Lydia Ismail's pregnancy was straightforward, but after she went into labour naturally at 41 weeks things didn't go to plan. Here is her story.
My pregnancy was an easy one, my husband and I were excited to be parents and were looking forward to the next stage of our lives together. We spent the nine months planning things to do once our baby was here and sharing our excitement with our family.
I had planned a hypnobirth and when I went into labour naturally at home at 41 weeks pregnant we used all of our hypnobirthing techniques to relax and manage labour. However things didn’t quite go to plan. After sleeping for the early part of labour I woke up panicked and in pain at 5.30am on 7 February 2013. I hadn’t felt my son move since the evening before so we headed to hospital for assessment.
Once at the hospital things moved very quickly, but not in the direction I was hoping it would go. I needed an emergency caesarean as my baby was in distress. Reuben was born shortly after, but he was not breathing and was pale and floppy. He required resuscitation as he was struggling to keep breathing by himself and keep his oxygen levels up. His blood tests also showed acidosis (increased acidity in the blood), and he had low blood pressure and liver and kidney damage. Reuben then had a seizure shortly after being born and also a collapsed lung. When the doctors looked at all the problems Reuben was having they realised he had Hypoxic Ischemic Encephalopathy (HIE).
HIE is a type of brain injury that comes as a result of lack of oxygen, and it was decided that at some point in labour this lack of oxygen had caused Reuben to suffer from birth asphyxia. Reuben required a treatment called therapeutic hypothermia (also known as cooling) but this could not be done at our own hospital and so he would need to be transferred to an intensive care unit.
Throughout this time I still hadn’t seen or held my newborn son and was not very aware of what was really going on around me. It was incredibly hard to take in what was happening to my little baby.
I finally got to see Reuben on his way to the ambulance so that he could be blessed. It was explained to me that Reuben had already been through a trauma and it had taken a long time to stabilise him, therefore he might not survive the journey to the intensive care unit.
Reuben arrived later that day to continue his cooling treatment and my husband and I followed the next morning. It was the longest and most painful journey of my life, but I was going to see my baby and nothing could make me happier.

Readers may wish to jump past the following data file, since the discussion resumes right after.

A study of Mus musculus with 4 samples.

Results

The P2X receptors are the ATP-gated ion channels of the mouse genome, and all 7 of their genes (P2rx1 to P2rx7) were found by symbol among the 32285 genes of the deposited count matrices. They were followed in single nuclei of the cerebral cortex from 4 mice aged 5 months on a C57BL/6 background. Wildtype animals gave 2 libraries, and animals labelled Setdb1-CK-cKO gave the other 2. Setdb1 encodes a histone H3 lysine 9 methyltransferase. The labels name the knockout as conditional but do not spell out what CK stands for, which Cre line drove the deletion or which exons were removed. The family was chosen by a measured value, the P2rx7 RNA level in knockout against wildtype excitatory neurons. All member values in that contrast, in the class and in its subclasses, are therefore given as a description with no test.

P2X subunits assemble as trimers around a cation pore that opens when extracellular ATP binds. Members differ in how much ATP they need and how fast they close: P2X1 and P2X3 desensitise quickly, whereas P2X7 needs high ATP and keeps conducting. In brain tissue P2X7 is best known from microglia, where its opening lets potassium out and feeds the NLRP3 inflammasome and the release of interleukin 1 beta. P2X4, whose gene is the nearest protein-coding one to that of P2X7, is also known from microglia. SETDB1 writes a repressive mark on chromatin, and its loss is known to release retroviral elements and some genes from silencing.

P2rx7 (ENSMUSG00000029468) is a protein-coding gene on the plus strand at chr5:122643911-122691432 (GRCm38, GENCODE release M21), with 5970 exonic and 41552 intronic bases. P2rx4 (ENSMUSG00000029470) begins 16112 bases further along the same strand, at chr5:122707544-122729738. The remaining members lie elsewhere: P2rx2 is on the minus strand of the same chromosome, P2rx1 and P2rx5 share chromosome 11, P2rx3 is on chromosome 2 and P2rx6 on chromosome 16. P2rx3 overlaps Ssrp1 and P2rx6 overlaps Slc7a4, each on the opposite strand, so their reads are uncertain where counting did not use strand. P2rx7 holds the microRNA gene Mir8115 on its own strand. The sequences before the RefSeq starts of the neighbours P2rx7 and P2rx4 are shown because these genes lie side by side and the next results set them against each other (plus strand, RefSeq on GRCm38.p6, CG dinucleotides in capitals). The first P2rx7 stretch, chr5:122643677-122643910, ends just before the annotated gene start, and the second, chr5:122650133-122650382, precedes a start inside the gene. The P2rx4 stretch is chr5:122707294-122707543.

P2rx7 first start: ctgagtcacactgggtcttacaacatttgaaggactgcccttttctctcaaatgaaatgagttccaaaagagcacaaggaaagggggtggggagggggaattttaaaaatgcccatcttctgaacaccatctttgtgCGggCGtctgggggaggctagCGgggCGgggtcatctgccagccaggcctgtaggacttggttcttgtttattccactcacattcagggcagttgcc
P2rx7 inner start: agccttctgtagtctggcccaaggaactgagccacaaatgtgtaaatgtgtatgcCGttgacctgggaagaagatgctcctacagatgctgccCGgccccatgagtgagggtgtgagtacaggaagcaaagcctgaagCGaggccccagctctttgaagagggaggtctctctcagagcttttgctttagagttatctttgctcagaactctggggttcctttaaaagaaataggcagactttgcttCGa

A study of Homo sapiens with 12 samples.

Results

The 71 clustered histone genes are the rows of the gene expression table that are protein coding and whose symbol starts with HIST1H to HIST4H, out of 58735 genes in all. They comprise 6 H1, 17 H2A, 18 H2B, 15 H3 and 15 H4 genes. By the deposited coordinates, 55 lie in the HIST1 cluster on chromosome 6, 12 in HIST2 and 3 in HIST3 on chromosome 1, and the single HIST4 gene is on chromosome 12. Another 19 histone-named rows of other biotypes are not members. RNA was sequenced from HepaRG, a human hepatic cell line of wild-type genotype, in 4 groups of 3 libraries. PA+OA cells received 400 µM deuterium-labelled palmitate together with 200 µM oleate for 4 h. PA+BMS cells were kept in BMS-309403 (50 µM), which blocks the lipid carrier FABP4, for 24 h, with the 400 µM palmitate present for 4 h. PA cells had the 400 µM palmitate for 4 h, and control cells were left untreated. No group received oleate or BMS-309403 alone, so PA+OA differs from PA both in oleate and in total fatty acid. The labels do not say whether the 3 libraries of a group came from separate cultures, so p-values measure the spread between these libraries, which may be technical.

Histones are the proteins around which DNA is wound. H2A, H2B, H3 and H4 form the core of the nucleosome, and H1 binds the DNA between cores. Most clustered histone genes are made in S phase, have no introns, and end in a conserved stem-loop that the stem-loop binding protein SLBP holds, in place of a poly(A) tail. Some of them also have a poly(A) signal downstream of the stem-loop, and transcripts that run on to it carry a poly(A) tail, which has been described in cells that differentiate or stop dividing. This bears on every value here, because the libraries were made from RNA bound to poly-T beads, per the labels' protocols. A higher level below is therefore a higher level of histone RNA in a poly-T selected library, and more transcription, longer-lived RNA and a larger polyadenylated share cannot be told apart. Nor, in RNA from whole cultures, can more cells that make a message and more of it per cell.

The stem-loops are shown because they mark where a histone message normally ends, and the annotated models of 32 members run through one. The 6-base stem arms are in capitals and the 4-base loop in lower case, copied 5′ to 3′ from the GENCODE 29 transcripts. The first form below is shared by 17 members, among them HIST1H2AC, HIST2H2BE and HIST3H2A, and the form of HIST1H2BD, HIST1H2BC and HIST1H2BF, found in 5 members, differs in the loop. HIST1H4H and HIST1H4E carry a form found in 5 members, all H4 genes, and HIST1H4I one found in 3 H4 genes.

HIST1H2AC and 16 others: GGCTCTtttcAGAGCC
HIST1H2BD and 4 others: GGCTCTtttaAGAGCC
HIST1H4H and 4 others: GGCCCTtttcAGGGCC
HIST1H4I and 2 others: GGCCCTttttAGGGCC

Reuben needed to be cooled for 72 hours. This meant that we still couldn’t hold him, but we did get to touch him and talk to him and he got to see us! Over the following three days we filled our time by being around our little boy and watching him grow stronger and fight on. During this time I was given the Bliss parent pack and booklet on HIE.
Looking back now, the booklet was a lifeline for me as it helped me to understand what had happened and what might happen next to Reuben in simple terms. It gave me a focus to learn about what Reuben was going through and how I could interact with him during our hospital stay. At five days old, after 72 hours of cooling and 12 hours of warming back up, I finally got to hold Reuben in my arms.
Over the next week Reuben finished his treatment and was able to come home.
Once home, I went through a range of emotions, one of them being loneliness, and so I turned back to Bliss to try and find others who had been through the same journey as us. While doing this I was able to answer more questions going around in my head.
Now, watching my son growing up to be a happy little boy, I want to say to any new mums starting their journey into motherhood in a neonatal unit: you are not alone and there are loads of us here with you. There is always a rainbow after the storm.
If you have been affected by any of the issues mentioned in this post and would like support, you can call our helpline on 0808 801 0322 or view our online support pages
If you would like to share your story with Bliss, please email firstname.lastname@example.org
This story was shared in Little Bliss magazine Spring/Summer 2016.